The shores of Lake Erie. (Photo by Ty Wright for The Washington Post)

On Monday morning, two days after residents of Toledo, Ohio, were ordered to stop drinking tap water, the ban was lifted and the water declared safe to drink. Adding a dose of theatricality to the announcement that the water was drinkable once again, Toledo Mayor D. Michael Collins stood in front of reporters, called the water safe and downed a glass himself.

The notice to stop using tap water, first issued by Toledo on Saturday, affected about half a million people. Toledo’s system produces 26 billion gallons of drinking water per year, water that is taken from Lake Erie to the Collins Park Water Treatment Plant for purification, according to last year’s annual report from the Toledo Department of Public Utilities.

It was at this treatment plant that chemists found samples showing higher levels of the toxin microcystin, which causes abdominal pain, vomiting and kidney damage. Toledo’s water notice on Saturday said that the problem may have been due to algae at Lake Erie, the source of the city’s drinking water. (Microcystin-LR, considered one of the most toxic types of microcystin, is also also one of the most common strains seen in the Great Lakes, according to the National Oceanic and Atmospheric Administration.) Once the water ban went into effect, city and state officials began sending tens of thousands of gallons of water to distribution centers around Toledo and the surrounding area.

Testing at Collins Park and across the system showed that by Monday morning, the microcystin levels in the water were acceptable once again, the Ohio Environmental Protection Agency announced. (More on precisely what “acceptable levels” are at the bottom of the post.)

The algae bloom at Lake Erie strengthened since last Thursday, NOAA’s Great Lakes Environmental Research Laboratory and the National Centers for Coastal Ocean Sciences said in a bulletin on Monday. These blooms have been centered in the western portion of the lake, with the heaviest concentration seen in the part of the lake near Toledo. (This surge was predicted by NOAA last month, though it noted that the bloom was expected to be smaller than was seen last year.)

In the summer, these algal blooms are a regular occurrence along the western portion of Lake Erie, according to EPA reports. While the water ban in this case only lasted for two days, it speaks to another issue: More than 250 million people in the United States depend on fresh water from lakes and rivers for drinking water, the EPA said, resources that are susceptible to problems stemming from algae and pollution-related chemicals.

The water issue in the U.S. pales in comparison to the clean water shortages in other parts of the globe. There are 783 million people without access to clean water around the world, according to the United Nations. But the Toledo ban still speaks to the sensitivity of water systems in the U.S., which are relied upon by hundreds of millions of people and can be severely affected by natural occurrences or outside contaminants.

Earlier this year, residents in West Virginia had endured a 10-day ban on using tap water after a chemical involved in coal processing leaked into the water supply. In Portland, Ore., officials announced in April that they would dump about 38 millions of drinking water after a teenager urinated into the reservoir. A month later, Portland issued a boil-water alert for hundreds of thousands people and drained two reservoirs after water samples were found to be contaminated (its third boil-water alert in the last six years). And less than a year ago, Carroll Township in Ohio — not far from Toledo — also issued a tap water ban after higher levels of microcystin were spotted in the water.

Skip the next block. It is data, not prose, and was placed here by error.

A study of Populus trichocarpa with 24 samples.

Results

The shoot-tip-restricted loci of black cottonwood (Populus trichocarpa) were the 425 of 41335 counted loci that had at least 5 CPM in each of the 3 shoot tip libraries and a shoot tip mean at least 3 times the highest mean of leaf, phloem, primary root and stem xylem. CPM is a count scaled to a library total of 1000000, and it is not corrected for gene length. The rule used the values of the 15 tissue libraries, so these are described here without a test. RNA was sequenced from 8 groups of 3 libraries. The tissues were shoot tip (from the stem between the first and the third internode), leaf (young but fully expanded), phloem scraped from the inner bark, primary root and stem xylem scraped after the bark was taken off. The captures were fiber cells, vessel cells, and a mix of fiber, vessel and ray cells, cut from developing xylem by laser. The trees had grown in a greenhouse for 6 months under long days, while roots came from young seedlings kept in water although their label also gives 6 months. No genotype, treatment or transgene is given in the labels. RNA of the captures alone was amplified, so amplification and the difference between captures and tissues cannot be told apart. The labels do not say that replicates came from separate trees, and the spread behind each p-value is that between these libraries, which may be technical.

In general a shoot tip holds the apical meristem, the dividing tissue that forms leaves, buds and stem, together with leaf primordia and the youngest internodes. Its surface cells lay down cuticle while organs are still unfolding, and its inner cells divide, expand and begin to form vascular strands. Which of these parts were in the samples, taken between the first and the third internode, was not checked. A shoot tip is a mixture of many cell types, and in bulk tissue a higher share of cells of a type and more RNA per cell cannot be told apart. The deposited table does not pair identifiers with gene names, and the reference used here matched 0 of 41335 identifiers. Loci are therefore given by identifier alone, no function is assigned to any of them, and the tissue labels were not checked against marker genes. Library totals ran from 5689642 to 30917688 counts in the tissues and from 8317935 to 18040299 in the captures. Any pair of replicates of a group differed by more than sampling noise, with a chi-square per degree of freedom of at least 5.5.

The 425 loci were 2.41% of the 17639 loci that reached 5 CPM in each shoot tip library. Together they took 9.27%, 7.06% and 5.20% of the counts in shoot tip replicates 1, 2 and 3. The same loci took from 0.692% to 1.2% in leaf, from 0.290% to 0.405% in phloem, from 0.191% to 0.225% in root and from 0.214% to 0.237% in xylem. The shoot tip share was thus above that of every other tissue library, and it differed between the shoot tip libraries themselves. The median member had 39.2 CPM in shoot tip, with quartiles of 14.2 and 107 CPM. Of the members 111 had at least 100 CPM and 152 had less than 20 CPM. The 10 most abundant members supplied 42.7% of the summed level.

And, as the EPA notes, there is also the issue of climate change; this could significantly affect the water levels in the Great Lakes, which would in turn affect the people who rely on this water. The National Wildlife Federation said in a report last year that the changing global climate and fluctuations in the weather will lead to more algal blooms at Lake Erie.

“Over the past two days we’ve been reminded of the importance of our crown jewe l— Lake Erie — to our everyday lives,” Ohio Gov. John Kasich (R) said in a statement Monday. “We must remain vigilant in our ongoing efforts to protect it.”

It is not clear what, exactly, caused the bloom and contamination and what will happen next. Craig Butler, head of the Ohio Environmental Protection Agency, said Monday that the agency would work with the city of Toledo to figure out what happened. The surge in algae is believed to be due to fertilizer used around the lake that is pushed into the lake by rain. The International Joint Commission, a U.S.-Canadian agency, said in a report issued earlier this year that fertilizer limits would be needed.

Meanwhile, the city of Toledo said on Monday that “steps are being taken statewide” to create a regulated microcystin testing system. The acceptable level of microcystin in Toledo’s water is 1 microgram per liter, a number that comes from the World Health Organization. Most of the guidelines governing acceptable microcystin levels in the U.S. come from WHO because there are no federal regulations governing microsystin.